A commodity is a natural resource that can be processed and sold. Commodities that are tracked in the financial markets include agricultural goods, metals, energies and minerals, among others.
Commodities are the essential components of other manufactured goods – the building blocks for both industrial and domestic products and foodstuffs. They are shipped around the world to meet demand, because not all countries are capable of producing every commodity they need.
The production and consumption of commodities depends on factors such as climate, season and resources – both natural and man-made. Demand is also influenced by a complex interaction between economic factors and consumer habits.
Because of this, commodity prices have the potential to fluctuate greatly.
Commodities are generally traded in very large quantities, either on the cash market or, more frequently, on the futures exchange.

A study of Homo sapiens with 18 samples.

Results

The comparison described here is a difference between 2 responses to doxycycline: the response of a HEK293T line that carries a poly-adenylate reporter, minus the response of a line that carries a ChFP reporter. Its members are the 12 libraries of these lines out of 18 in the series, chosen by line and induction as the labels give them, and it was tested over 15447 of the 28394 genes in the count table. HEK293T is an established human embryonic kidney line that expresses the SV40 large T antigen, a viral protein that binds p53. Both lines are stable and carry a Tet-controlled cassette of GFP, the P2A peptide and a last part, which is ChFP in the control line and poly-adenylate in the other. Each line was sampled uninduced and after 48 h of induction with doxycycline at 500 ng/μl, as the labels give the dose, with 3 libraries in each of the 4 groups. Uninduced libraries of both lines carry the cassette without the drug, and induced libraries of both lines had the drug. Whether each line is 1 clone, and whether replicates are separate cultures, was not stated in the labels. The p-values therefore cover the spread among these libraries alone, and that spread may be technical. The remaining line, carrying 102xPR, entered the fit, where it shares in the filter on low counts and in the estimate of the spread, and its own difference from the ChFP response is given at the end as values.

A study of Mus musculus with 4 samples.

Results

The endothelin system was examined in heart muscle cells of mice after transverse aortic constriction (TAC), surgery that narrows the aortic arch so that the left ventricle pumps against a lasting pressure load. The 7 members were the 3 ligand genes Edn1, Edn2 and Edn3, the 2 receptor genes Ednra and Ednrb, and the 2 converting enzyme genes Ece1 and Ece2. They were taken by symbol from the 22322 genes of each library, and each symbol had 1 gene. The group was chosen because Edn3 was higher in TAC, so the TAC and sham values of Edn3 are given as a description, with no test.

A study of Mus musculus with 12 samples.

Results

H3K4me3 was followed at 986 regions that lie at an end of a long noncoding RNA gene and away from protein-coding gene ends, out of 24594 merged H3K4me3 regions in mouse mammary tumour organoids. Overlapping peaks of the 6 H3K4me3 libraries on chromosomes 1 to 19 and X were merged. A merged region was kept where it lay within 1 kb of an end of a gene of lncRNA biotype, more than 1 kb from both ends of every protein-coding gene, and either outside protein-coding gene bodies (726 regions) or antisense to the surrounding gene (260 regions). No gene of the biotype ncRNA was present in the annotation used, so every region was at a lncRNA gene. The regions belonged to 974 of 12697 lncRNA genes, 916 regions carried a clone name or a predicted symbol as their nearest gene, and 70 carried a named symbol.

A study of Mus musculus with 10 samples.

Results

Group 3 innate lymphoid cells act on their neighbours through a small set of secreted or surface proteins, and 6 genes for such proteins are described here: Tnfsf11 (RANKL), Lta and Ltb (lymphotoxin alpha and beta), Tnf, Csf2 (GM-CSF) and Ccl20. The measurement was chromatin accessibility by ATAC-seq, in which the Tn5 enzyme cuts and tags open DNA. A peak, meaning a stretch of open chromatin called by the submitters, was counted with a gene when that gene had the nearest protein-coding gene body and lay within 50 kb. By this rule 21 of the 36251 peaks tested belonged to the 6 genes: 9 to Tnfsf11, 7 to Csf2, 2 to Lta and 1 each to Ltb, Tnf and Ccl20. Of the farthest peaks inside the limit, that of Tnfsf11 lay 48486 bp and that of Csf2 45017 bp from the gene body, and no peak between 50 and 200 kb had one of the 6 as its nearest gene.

Major commodities tend to trade in very large quantities and it would be unrealistic for most traders to process them. Instead, and especially because of their volatile nature, commodities are often used for speculation on their prices.
They trade on the commodities market, which is made up of a number of international commodity exchanges. In the commodity market, as opposed to the stock market, everything expires – this is because the commodity will eventually need to be delivered to its final owner.
You can sell futures contracts just as easily as buy them, so you can profit no matter which direction the price is heading.